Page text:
Recently, I toured two institutions of higher learning. In both cases, what struck me was the outlandishness of the physical plant. The auditoriums, student lounges, dining areas, and fitness facilities exceeded those of large luxury hotels. The office space would have accomodated a corporation several times the size of the faculty.
The number of square feet of improved real estate per student must be astronomical. If a shopping mall had this high a ratio of space to traffic, it would go broke in six months.
Much of this physical plant was of recent vintage. To me, it seems counterintuitive that colleges and universities would be making huge investments in construction in today's economy. I would not have thought that the response to the information age would be to pour resources into brick and mortar. Is academia, home of the last believing Marxists, also the last bastion for factories?
If I were undertaking a strategic plan for a college or university, I would take into account three major features of the post-industrial economy.
What do these trends imply for the future of higher education?
The diminished importance of traditional capital implies that the critical investments for universities will not be those that enhance physical facilities. They will be investments that enhance the effectiveness of faculty and students.
The diminished importance of firm-specific human capital means that university-wide curriculum initiatives are going to be relatively unfruitful. Relationships with colleagues outside a particular college or university are going to be increasingly significant.
The low cost of distributing information means that it will become increasingly difficult to charge for course materials. Instead, as John Perry Barlow has argued, people will be paying for relationships rather than for information.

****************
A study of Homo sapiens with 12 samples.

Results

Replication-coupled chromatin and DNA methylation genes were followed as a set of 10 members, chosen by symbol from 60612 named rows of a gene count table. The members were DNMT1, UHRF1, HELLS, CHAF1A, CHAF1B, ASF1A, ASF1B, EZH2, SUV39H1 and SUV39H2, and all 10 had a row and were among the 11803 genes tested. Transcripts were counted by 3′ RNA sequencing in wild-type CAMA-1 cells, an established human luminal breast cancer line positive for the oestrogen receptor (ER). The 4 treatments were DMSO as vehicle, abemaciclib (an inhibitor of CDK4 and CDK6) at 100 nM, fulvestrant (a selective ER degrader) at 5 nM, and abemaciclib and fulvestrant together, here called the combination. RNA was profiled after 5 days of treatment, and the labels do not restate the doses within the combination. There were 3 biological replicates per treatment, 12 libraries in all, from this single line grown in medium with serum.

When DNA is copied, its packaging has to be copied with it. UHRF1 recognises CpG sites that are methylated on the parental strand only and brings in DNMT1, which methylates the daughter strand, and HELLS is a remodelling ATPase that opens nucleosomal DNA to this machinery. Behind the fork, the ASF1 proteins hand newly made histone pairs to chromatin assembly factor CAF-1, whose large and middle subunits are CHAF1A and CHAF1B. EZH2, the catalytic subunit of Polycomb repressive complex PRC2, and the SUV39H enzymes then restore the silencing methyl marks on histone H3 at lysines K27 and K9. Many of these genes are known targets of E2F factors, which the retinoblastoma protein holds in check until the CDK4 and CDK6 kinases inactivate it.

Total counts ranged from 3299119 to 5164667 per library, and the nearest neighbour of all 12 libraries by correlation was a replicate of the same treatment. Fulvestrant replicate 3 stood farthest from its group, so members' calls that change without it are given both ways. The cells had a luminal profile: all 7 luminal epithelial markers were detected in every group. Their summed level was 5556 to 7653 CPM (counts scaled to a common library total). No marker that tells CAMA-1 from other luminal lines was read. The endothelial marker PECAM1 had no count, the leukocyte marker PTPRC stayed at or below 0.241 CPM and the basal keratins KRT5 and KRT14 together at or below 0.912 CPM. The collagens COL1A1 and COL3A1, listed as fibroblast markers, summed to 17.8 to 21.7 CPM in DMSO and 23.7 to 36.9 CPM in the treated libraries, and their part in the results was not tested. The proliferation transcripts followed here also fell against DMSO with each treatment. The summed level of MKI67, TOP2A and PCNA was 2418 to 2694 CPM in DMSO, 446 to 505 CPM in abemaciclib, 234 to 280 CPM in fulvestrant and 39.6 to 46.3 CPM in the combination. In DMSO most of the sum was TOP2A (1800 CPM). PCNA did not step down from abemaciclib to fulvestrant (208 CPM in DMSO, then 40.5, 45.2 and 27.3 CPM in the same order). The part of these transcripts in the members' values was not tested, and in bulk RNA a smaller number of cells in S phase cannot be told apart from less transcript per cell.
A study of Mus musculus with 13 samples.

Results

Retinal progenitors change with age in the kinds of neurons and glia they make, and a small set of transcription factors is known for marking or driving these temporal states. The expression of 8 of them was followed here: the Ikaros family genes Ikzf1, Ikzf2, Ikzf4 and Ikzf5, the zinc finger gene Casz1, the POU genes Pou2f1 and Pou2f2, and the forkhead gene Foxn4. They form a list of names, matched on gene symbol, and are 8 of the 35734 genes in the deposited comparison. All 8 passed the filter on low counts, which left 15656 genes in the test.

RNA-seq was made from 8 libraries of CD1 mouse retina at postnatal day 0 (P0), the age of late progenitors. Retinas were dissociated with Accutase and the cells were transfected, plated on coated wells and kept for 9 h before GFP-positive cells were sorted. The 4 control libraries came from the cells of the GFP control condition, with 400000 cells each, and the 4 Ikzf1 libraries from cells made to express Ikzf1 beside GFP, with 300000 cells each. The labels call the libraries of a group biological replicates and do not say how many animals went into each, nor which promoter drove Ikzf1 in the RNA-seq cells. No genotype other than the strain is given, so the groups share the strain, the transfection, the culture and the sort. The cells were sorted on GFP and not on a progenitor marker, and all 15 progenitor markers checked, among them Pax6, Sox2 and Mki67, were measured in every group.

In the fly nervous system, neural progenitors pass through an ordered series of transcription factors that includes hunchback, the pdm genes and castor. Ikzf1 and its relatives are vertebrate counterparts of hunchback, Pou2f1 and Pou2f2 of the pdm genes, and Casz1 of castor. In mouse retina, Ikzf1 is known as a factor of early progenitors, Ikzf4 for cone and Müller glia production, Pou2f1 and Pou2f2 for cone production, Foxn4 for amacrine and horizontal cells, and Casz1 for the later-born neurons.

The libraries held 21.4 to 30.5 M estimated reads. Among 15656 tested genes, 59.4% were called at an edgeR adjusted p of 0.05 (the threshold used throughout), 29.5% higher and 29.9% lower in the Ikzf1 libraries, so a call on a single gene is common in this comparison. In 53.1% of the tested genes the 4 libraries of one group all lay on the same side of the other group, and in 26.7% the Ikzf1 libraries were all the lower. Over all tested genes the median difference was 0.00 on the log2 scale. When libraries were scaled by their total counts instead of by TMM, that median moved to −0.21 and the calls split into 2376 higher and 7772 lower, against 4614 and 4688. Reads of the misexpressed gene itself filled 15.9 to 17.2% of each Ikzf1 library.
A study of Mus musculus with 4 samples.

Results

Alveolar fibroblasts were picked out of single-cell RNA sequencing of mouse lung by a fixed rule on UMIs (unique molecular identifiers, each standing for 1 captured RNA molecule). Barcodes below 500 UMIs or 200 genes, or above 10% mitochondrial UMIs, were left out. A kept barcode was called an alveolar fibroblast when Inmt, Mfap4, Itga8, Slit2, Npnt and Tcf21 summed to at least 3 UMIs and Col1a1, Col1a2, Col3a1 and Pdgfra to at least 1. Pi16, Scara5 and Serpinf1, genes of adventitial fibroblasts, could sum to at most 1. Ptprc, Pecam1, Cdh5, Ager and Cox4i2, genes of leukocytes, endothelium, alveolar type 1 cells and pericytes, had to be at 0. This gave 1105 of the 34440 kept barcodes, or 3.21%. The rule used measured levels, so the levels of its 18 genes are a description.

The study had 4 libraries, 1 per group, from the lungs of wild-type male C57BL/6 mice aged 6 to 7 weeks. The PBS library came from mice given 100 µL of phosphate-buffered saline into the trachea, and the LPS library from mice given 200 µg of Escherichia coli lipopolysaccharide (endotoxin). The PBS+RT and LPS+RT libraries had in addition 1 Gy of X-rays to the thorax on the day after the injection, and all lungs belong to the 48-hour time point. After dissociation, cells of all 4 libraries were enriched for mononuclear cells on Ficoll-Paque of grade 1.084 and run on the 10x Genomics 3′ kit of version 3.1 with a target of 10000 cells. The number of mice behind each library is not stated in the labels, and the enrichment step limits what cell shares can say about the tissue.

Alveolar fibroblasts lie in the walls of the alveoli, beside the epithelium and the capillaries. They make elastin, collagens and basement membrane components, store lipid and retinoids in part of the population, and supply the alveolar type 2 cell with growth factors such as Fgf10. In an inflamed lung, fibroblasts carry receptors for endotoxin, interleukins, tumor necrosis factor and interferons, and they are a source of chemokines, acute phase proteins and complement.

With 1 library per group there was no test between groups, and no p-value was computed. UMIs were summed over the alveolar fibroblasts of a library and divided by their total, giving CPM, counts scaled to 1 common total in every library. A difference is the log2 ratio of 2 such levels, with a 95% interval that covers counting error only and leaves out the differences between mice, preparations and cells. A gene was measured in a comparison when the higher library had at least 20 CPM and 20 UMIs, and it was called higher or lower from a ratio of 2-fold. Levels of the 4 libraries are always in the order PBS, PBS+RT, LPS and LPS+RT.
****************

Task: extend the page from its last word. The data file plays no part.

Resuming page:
Administrators in higher education should be focused on relationships.
There may be opportunities to "outsource" various functions.
My guess is that we will see a trend in which a student's college becomes his or her "home base" but not the sole source for education. With the opportunity to study abroad, spend a year at another college, and use the Internet, the typical undergraduate may obtain at least half of the necessary credits from outside the home institution.
Faculty also will be less focused on their institutional colleagues and more focused on their peers at other universities. More professors may affiliate with multiple institutions.
Administrators will find it difficult to convince faculty to implement a college-wide educational "vision." Instead, they will have to let individual professors decide which courses they are best suited to teach. When this process leaves gaps, they will be filled from the outside.
As students and faculty increase their external interactions, administrators may become uneasy. They might experience the ongoing changes as a loss of control. As their institutions become more fluid, they may yearn for something solid and concrete. Like more buildings.